A migrant boat that capsized last week in the Mediterranean Sea, killing at least 82 people and possibly hundreds more, was not monitored by a plane offered by the EU border agency Frontex.
Frontex had spotted the overcrowded fishing boat early in the morning of 13 June in international waters moving towards Greece, but had to refuel. Frontex says it offered to send the plane back to the fishing boat to monitor the situation, but that the Greek coast guard never replied.
The Greek authorities have denied any negligence or delay in responding to the disaster, insisting that those onboard told coastguards they wanted to be left alone so they could travel to Italy. Its also found that the migrant boat hardly moved for at least seven hours before it capsized, contradicting the official account.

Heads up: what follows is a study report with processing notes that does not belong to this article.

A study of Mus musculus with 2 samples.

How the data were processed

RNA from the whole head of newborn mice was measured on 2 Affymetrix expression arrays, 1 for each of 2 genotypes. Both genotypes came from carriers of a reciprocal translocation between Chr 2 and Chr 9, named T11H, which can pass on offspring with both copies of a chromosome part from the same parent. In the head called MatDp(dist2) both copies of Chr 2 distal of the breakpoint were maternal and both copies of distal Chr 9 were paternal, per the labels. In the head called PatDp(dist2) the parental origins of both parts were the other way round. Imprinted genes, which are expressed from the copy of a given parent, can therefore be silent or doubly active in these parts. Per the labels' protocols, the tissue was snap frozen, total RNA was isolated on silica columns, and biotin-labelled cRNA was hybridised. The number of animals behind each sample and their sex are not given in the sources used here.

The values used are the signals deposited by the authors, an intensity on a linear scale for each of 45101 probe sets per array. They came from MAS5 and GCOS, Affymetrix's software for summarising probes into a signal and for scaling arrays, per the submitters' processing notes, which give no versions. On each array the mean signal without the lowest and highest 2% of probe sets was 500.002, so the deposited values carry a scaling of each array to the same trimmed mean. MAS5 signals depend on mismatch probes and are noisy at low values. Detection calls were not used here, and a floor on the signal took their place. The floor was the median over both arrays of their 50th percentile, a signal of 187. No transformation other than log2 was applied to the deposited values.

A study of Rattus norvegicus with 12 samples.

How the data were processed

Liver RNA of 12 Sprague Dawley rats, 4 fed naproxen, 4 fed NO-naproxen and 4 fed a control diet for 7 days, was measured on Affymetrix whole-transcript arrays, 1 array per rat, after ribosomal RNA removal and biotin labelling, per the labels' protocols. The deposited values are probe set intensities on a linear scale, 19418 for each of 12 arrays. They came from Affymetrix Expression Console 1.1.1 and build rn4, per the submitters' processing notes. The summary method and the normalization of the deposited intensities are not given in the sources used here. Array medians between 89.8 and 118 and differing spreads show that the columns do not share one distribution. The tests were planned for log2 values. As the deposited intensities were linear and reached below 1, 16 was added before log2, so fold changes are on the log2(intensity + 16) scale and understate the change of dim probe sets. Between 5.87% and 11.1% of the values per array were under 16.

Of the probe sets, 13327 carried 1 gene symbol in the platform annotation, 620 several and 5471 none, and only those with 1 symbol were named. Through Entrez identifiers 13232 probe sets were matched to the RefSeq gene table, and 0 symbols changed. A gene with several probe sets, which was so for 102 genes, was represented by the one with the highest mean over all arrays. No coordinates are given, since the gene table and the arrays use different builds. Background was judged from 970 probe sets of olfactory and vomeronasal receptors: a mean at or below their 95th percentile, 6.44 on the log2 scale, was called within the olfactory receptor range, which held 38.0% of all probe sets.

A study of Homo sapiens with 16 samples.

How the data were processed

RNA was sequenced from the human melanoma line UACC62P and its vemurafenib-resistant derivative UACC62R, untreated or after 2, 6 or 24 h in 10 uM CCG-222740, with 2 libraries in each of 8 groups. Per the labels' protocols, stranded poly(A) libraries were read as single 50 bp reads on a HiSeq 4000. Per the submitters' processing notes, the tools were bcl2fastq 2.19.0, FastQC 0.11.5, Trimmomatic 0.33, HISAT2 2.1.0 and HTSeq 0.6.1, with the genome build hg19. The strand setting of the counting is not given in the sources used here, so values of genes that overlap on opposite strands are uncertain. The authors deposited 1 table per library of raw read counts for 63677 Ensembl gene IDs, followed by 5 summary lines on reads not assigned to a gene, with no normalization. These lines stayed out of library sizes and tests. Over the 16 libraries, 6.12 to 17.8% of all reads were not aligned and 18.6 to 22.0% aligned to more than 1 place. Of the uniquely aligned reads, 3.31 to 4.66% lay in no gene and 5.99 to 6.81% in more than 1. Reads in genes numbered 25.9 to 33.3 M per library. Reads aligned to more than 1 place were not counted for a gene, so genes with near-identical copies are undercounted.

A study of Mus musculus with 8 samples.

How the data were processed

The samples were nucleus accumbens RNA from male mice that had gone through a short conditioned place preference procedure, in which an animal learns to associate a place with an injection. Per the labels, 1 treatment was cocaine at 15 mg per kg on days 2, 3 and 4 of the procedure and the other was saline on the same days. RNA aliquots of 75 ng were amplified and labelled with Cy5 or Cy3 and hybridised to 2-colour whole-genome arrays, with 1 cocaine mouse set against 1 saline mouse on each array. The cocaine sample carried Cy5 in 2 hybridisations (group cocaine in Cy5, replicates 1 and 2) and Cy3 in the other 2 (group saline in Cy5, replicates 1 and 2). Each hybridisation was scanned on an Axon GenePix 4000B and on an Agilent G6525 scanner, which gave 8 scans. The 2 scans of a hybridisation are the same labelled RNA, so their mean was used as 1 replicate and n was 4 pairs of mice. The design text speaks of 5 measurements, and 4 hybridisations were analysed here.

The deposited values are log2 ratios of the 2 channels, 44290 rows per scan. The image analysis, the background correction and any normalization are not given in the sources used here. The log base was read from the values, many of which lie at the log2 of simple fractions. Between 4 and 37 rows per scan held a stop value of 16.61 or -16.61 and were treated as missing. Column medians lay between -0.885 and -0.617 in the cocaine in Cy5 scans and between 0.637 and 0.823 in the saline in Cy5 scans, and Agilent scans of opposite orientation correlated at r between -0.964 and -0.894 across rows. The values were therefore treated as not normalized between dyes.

The boat had set out from Libya and was carrying mostly Pakistanis, Egyptians and Syrians who were seeking a better life in Europe. More than 100 people were rescued, but survivors have estimated that as many as 750 people may have been on the boat, including around 100 children in the hold.
On Monday, nine Egyptian men appeared in court in Greece to face charges of negligent manslaughter, exposing lives to danger, causing a shipwreck and human trafficking. All pleaded not guilty.
The incident has sparked outrage and grief among the families of the victims and human rights groups who have called for an independent investigation and accountability. It has also highlighted the ongoing humanitarian crisis in the Mediterranean, where more than 1,000 people have died this year trying to reach Europe by sea.